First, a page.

Take wrong turns. Talk to strangers. Open unmarked doors. And if you see a group of people in a field, go find out what they are doing. Do things without always knowing how they'll turn out. You're curious and smart and bored, and all you see is the choice between working hard and slacking off. There are so many adventures that you miss because you're waiting to think of a plan. To find them, look for tiny interesting choices. And remember that you are always making up the future as you go.
This quote was taken out of context.
This quote is often falsely attributed to Mark Twain.
Websites that collect quotes are full of mistakes and never check original sources
It's weird how I am constantly surprised by the passage of time when it's literally the most predictable thing in the Universe.
So Yoda sounds like our best bet as an energy source. But with world electricity consumption pushing 2 terawatts, it would take a hundred million Yodas to meet our demands. All things considered, switching to Yoda power probably isn't worth the trouble — though it would definitely be green.
Lots of people in aggregate might know who I am, but they are spread around across the country and the world.
Some of the first infographics I did started off as notes to myself: trying to plot out, for instance, how IP addresses are allocated. After a while, I thought, 'This is a neat thing I can share with people, and they can follow me along in that process of understanding.'
I have always had trouble paying attention. When I was supposed to be at work, I'd be doodling. But then when I was home, trying to draw, I would be working on math problems. I never end up doing exactly what I should be doing at at any given time.
There is a danger of building an identity around the idea of being smart because it is very easy to become off-putting, to become exclusionary.
I think the comic that's gotten me the most feedback is actually the one about the stoplights. Noticing when the stoplights are in sync, or calculating the length of your strides between floor tiles - normal people notice that kind of stuff, but a certain kind of person will do some calculations.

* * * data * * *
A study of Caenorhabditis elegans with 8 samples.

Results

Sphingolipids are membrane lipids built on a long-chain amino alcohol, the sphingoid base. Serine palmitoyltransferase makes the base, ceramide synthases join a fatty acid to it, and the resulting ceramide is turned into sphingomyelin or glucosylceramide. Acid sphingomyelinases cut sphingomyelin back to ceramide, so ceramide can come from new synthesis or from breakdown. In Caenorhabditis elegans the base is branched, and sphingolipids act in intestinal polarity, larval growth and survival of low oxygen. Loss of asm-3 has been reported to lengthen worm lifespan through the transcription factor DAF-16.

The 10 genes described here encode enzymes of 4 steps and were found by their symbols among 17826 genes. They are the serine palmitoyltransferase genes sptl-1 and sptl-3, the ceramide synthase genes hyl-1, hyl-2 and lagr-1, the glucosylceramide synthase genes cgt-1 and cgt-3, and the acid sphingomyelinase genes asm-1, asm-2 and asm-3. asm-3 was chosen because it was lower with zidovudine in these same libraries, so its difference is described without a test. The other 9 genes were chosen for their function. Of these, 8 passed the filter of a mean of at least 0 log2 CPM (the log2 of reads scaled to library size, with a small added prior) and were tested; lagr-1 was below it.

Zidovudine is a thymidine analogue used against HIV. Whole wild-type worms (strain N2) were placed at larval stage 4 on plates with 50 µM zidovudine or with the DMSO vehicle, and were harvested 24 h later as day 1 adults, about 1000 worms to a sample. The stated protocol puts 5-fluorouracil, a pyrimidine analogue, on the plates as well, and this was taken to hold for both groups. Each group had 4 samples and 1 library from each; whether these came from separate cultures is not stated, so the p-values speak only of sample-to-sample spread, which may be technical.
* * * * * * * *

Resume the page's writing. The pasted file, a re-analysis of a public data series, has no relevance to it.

There are definitely times - and I think this is pretty common among cartoonists - where you spend an entire day trying to think of an idea, and you're like, 'I give up.' And then you go and take a shower or run an errand, and halfway there, you get an idea.
I used to work at NASA in Virginia. It was nothing glamorous; I was just tasked with making code compile for obscure projects, and I wasn't very good at it. Now I spend most of my time drawing pictures and looking at funny things on the Internet, which in retrospect is largely what I did at my old job, too.
I don't have hard numbers about this, but the impression I get is that the amount of eyeballs you get from being on the humor shelf at Barnes & Noble - it is almost insignificant.
I'm sad that my childhood came just slightly before the lithium-ion-battery boom, because I would've killed for the cheap radio-controlled helicopters they have now.
I try not to spend too much time interpreting my comics for people, because I try to put out there whatever I can, and people can draw whatever conclusions they want.
I think that putting merchandising into the hands of the artist themselves is one of the best things for the artist.
The nice thing about being on the Internet is that you're not as recognisable as someone that's been on TV.
It's tempting to just write a comic called 'Everyone Mail Randall Munroe Twenty Bucks' - maybe it would work, and I could just close down the 'xkcd' store and sit on a beach and draw pictures and make snarky Reddit posts for the rest of my life.
I'm just one of those people who can always tell the same story twice, forgetting that I've told it already.